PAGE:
Sun Spot-Climate Link
Small changes in the energy output of the sun can have a major impact on global weather patterns, such as the intensity of the Indian monsoon, that could be predicted years in advance, a team of scientists said.
The sun swings through an 11-year cycle measured in the number of sun spots on the surface that emit bursts of energy.
The difference in energy is only about 0.1 percent between a solar maximum and minimum and determining just how that small variation affects the world's climate has been one of the great challenges facing meteorologists.
Using a century of weather observations and complex computer models, the international team of scientists led by the National Center for Atmospheric Research (NCAR) in the United States showed that even a small increase in the sun's energy can intensify wind and rainfall patterns.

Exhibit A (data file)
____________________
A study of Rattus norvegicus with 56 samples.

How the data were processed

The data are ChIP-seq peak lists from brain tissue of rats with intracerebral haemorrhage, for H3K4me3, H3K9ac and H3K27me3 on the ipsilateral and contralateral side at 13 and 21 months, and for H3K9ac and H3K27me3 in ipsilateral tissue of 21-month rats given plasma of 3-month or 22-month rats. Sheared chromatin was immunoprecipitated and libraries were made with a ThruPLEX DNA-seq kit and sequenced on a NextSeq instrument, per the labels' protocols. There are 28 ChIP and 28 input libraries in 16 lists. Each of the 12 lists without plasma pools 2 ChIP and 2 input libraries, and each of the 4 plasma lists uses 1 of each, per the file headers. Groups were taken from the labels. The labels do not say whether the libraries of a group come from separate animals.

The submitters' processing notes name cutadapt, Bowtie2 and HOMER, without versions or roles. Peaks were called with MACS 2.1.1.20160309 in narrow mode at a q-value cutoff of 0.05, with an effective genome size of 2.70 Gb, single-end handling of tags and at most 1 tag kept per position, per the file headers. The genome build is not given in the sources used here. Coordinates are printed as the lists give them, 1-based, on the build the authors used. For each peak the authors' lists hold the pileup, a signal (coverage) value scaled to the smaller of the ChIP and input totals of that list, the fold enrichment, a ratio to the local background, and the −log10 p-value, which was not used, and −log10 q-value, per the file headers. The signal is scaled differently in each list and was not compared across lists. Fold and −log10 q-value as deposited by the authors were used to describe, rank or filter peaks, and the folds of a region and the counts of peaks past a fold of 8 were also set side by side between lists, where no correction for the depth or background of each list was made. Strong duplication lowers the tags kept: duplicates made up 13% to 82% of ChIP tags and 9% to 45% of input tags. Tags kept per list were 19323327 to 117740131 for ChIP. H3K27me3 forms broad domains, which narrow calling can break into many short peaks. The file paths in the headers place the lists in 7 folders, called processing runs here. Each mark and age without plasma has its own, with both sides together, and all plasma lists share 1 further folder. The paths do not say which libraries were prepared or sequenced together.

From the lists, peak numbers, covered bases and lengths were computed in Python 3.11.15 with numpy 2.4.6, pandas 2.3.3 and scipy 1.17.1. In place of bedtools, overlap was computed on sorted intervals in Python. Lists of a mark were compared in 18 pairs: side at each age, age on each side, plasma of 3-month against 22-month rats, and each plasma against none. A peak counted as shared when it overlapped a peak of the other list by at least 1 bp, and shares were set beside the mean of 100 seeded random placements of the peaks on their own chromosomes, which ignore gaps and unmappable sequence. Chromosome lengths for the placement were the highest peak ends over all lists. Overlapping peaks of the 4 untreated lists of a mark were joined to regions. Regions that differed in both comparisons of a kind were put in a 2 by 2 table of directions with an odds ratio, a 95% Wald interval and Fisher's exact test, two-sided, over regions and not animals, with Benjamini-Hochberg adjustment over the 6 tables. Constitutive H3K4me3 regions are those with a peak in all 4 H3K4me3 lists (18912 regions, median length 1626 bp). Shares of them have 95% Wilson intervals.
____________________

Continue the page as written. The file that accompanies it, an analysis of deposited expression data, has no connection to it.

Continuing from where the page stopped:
"Small changes in the sun's output over the 11-year solar cycle have long been known to have impacts on the global climate system," said Julie Arblaster, from the Center for Australian Weather and Climate Research, a co-author of the study published in the latest issue of the journal Science.
"Here we reconcile for the first time the mechanisms by which these small variations get amplified, resulting in cooler sea surface temperatures in the tropical Pacific and enhancing off-equatorial rainfall."
The researchers found that during periods of strong solar activity the air in the upper atmosphere, in a layer called the stratosphere, heats up. This occurs over the tropics, where sunlight is typically most intense.
The extra warming alters wind patterns in the upper atmosphere, which in turn increases tropical rainfall.